You should not have to flee from an assailant — especially in your own home. If someone breaks into your residence, you should have greater legal latitude to defend yourself and your family than you might in public. The law should recognize the obvious and imminent danger a home invasion presents to a victim. Even so, two of the most misunderstood concepts in the national gun-policy debate are Castle Doctrine and so-called “stand your ground” laws.

Common Misconceptions

Illustration By: Jason Braun

Fallacies on both sides of the debate have led to a cartoonish “Wild West” misperception that you can shoot a person simply for being in your home. Some even ridiculously suggest that if you shoot an assailant who is off of your property, you should drag him or her onto your property to strengthen your legal case. I am no lawyer, and I am not in the business of giving legal advice, but as a fellow citizen, I urge you to learn more about the self-defense laws in your area and make sure you understand exactly what Castle Doctrine means in your specific jurisdiction and whether it applies to your personal situation. That understanding will serve you well as you continue your journey in personal safety, and it will help you when you enter debates over gun policy.

While statutes and court rulings vary, the general legal principle of self-defense means that you can employ proportionate force to protect yourself from imminent harm. The burden is on you to prove a self-defense claim. Some states, however, require that you exhaust lesser alternatives before resorting to deadly force. In other words, in those states, if someone is escalating a situation into an altercation, you should try to leave the scene before doing anything else — especially drawing your pistol. Some states acknowledge that you have no duty to retreat from an attacker, which is known as “stand your ground.” Other states distinguish that you have no duty to flee your own home; that is known as “Castle Doctrine.” Some states have both.

Self-defense law is tricky because it varies so much by location and is subject to interpretation by law enforcement, prosecutors and juries. Ultimately, it comes down to whether a “reasonable person in the same situation” would make the same choices. You don’t have the legal authority to shoot someone who is stealing an item from you or even necessarily someone who is striking you. But if you are in your home, car or workplace and an intruder enters, you deserve the legal presumption that you have a reasonable fear of imminent death or great bodily harm — and that is what we are seeking when we advocate for Castle Doctrine. It is not just some partisan talking point. Even California recognizes that principle in California Penal Code Section 198.5:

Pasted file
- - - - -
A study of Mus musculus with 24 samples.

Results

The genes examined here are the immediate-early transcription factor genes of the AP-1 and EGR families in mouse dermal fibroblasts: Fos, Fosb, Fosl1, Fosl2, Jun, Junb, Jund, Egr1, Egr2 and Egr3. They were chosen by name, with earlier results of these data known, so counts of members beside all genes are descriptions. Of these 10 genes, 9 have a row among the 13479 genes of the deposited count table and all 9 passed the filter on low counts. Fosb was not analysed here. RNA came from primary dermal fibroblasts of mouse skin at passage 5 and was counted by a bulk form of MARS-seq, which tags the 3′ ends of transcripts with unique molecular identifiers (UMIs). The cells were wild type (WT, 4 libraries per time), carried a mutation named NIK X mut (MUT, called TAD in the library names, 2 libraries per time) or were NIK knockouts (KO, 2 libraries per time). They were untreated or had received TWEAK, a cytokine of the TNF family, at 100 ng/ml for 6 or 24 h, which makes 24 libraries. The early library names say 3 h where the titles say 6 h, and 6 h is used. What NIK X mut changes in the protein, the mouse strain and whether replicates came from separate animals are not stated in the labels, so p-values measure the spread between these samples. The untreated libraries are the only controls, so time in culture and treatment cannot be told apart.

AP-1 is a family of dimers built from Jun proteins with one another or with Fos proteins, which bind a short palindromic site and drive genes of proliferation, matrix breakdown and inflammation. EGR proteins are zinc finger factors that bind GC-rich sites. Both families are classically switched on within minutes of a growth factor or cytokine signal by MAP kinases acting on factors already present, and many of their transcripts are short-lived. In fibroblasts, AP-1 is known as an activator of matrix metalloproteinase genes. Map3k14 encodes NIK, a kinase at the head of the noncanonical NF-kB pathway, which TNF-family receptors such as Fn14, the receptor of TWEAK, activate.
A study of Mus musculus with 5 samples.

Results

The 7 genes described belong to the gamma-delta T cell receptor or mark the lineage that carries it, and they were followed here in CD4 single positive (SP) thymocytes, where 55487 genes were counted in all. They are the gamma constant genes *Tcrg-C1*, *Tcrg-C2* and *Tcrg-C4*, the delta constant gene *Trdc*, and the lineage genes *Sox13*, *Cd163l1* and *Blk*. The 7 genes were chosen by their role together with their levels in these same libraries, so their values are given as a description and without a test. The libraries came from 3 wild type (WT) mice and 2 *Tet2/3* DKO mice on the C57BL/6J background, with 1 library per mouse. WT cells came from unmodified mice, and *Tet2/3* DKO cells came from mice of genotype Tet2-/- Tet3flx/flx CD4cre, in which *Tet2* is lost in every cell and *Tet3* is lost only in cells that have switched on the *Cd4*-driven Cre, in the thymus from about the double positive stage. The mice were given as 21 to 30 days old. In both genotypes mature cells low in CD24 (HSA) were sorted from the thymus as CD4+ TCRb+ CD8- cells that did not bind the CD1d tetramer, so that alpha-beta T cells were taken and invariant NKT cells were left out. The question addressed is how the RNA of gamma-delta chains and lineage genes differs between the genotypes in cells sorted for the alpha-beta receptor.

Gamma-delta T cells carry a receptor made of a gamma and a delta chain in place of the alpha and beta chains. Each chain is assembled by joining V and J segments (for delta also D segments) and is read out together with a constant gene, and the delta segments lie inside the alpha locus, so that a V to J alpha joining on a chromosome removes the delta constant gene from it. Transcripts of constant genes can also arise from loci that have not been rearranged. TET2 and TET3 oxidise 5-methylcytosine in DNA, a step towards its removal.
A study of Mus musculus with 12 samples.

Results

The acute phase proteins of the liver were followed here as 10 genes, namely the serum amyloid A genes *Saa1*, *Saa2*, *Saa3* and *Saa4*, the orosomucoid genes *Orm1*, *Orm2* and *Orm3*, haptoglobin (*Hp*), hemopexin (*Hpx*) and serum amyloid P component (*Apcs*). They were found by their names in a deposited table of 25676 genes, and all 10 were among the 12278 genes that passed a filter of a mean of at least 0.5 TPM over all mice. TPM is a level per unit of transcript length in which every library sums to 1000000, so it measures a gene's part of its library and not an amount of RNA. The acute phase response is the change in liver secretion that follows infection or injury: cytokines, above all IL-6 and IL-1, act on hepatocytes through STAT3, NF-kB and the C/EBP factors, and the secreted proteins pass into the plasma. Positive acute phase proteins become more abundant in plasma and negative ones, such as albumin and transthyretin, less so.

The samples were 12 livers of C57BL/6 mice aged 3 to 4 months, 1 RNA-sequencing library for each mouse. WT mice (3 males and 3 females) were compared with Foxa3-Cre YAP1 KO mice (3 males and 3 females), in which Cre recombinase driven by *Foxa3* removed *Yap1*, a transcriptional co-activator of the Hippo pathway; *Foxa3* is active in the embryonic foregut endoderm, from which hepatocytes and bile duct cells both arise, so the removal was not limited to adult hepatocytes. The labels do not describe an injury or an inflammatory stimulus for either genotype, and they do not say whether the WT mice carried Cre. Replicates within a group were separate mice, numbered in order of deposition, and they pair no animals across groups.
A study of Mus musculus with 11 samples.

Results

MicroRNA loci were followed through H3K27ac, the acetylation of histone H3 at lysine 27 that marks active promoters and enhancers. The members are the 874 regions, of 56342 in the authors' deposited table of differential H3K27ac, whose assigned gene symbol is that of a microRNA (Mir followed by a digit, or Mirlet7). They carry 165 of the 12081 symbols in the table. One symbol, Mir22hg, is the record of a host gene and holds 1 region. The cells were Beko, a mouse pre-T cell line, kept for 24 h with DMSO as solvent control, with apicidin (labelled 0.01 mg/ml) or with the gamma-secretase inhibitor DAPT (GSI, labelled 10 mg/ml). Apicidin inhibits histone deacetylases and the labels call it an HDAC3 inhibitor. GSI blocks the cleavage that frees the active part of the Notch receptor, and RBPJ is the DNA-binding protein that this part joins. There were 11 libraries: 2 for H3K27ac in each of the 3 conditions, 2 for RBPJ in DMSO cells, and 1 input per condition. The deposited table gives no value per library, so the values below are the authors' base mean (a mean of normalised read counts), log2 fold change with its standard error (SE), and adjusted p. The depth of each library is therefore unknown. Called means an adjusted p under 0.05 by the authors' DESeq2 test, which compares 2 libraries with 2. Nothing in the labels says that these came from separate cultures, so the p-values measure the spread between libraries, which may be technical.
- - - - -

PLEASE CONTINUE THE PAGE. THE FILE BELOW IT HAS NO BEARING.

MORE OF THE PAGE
Any person using force intended or likely to cause death or great bodily injury within his or her residence shall be presumed to have held a reasonable fear of imminent peril of death or great bodily injury to self, family, or a member of the household when that force is used against another person, not a member of the family or household, who unlawfully and forcibly enters or has unlawfully and forcibly entered the residence and the person using the force knew or had reason to believe that an unlawful and forcible entry occurred.

Explaining Castle Doctrine or Stand Your Ground to the Other Side

The easiest way to explain Castle Doctrine or stand your ground to a skeptic is to delve into what its absence means in a self-defense situation: The law would be placing a duty to retreat on the victim of a crime. Are we really going to ask a victim why she didn’t run from her would-be rapist before she shot him? Are we really asking a man being robbed to turn his back on someone with a knife? Given that self-defense, in general, is a positive claim that must be proven by the defense in court, how do you prove the reasonableness of a split-second judgment call that you didn’t think you could outrun an assailant or the determination that running might have been counterproductive?

Castle Doctrine and stand-your-ground clauses in the law don’t change the classic requirements for a defendant to claim self-defense. They simply remove a nuanced, tactically dubious and nearly impossible-to-prove expectation that a victim should try to run from an aggressor. This flies in the face of the hysterical predictions gun-control proponents make about our communities turning into the next Dodge City, Deadwood or Tombstone. And as gun-rights advocates, we need to make a strong case for rational self-defense laws that favor victims over victimizers.

Some states want to send a clear legislative message that no person should go looking for a fight and that every party in a conflict should be making reasonable efforts to de-escalate, act rationally and maintain civility. That desire is understandable and, indeed, admirable. But particularly in your own home, car or workplace, you deserve the presumption that you are minding your own business and that a criminal invading such a place can be presumed to mean you harm.

Jim is a concerned citizen and gun-rights advocate. His opinions are his alone and do not reflect the official position of his agency. References and links to other gun-advocacy groups do not imply endorsement of those organizations. He can be reached at [email protected].